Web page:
California law enforcement have closed a number of cold cases in recent years using what a front-page story in yesterday's Los Angeles Times describes as a "controversial" DNA testing technique that allows investigators to identify suspects based on DNA that matches their immediate male relatives. One of the cases solved using this technique includes that of the notorious "Grim Sleeper," the nickname for serial killer Lonnie Franklin Jr., who may have killed 25 women over the span of two decades.
According to the Times report, even skeptics who were wary of possible privacy violations and racially disparate outcomes have begun to rethink their opposition in light of the impressive track record of this relatively new method:
Nabbing Franklin changed things for now-UCLA Law School Dean Jennifer Mnookin, who once condemned using DNA to find suspects by searching for relatives. Mnookin argued that the method invades privacy rights and is racially discriminatory because African Americans and Latinos are disproportionately represented in DNA databases.
Although she still worries about the racial disparity, she said her view shifted after seeing the effect on big cases, such as Franklin's, and how infrequently the technology is used.
"If it's helping us solve big cases," Mnookin said, "it seems like a worthwhile trade-off."
As it happens, this particular type of DNA testing is a key element of a case Reason TV covered in a three-part video series. The case concerns an Orange County man named Kenneth Clair, whom a jury sentenced to death in 1987 for the murder and assault of a 25-year-old woman named Linda Faye Rodgers.
Decades later, a private eye working for Clair uncovered the fact that the Orange County District Attorney's office had tested male DNA found on the victim's genitals. The DNA did not match Clair and, furthermore, it did match someone else in a criminal database. Upon learning this information, Clair's team asked for the county to release the name of the match, but the county refused, citing privacy concerns and pointing out that the matching individual would have been too young to have committed the crime. But the fact that the database hit didn't lead to a plausible suspect doesn't rule out the possibility that an older male relative, such as a father or uncle, might be the perpetrator. By refusing to release the name of the match, the county is foreclosing possible alternative investigatory avenues. Indeed, this is precisely the situation that led police to capture the Grim Sleeper, according to the Times:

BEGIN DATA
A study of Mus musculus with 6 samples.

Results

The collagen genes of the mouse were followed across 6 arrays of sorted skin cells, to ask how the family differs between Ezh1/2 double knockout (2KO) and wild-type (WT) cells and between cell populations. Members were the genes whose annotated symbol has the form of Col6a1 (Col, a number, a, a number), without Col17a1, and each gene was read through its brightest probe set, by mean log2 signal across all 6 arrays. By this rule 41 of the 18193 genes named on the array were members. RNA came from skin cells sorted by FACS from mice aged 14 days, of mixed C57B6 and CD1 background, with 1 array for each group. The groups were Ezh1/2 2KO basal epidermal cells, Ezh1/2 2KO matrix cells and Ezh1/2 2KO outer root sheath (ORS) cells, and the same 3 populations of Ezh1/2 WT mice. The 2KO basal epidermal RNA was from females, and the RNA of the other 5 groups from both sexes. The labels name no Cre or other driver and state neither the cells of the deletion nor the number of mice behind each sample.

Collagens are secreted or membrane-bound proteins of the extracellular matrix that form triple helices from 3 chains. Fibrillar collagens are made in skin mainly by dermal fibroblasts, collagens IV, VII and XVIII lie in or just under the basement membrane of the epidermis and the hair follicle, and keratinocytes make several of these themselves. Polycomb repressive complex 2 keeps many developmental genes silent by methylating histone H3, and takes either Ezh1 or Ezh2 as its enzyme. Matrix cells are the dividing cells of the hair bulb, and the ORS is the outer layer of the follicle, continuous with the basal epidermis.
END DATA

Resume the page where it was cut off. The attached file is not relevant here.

After getting a partial DNA hit to his son in 2010, authorities charged Franklin with killing nine women and a teenage girl. He was convicted earlier this year and sentenced to death.
The DA's office refuses to speak on the record about why they withheld the very fact that they ran the DNA test or why they continue to hold back the name of the DNA match in the Clair case, but they have this to say in a press release on the matter:
The fact that male DNA [the Y-STR haplotype] was detected in a swab of the victim's vagina is no indication she was raped at the time of her murder, or even that she had intercourse at the time of the murder. The swabs tested negative for semen at the time of trial. (Trial RT 1591.) Thus, any male DNA [the Y-STR haplotype] in the victim's vagina was either deposited well before her murder, or was the result of contamination of the sample. If in fact the victim had had sexual contact with some male relative of the individual whose Y DNA apparently matches the Y DNA found in the vaginal swab, discovery of that male relative would not in any way diminish the evidence against Clair in this case. It would have no tendency to prove that someone other than Clair killed Linda Rodgers. [bolding added]
It's true enough that if the male DNA was simply a result of contamination by a member of the forensics team, it would have no bearing on Clair's innocence or guilt. But by refusing to release this crucial piece of information, the DA is asking Clair's team—and the public—to simply trust the integrity of their investigation in a case that's riddled with problems.
California governor Jerry Brown recently signed a bill that would charge prosecutors who withhold evidence with felonies, a much-needed check on prosecutorial power that might have made a big difference in the Clair clase.
"My case has never been fully investigated," Clair told Reason TV. "All I'm asking for is a new trial."
Watch the full interview with Clair below.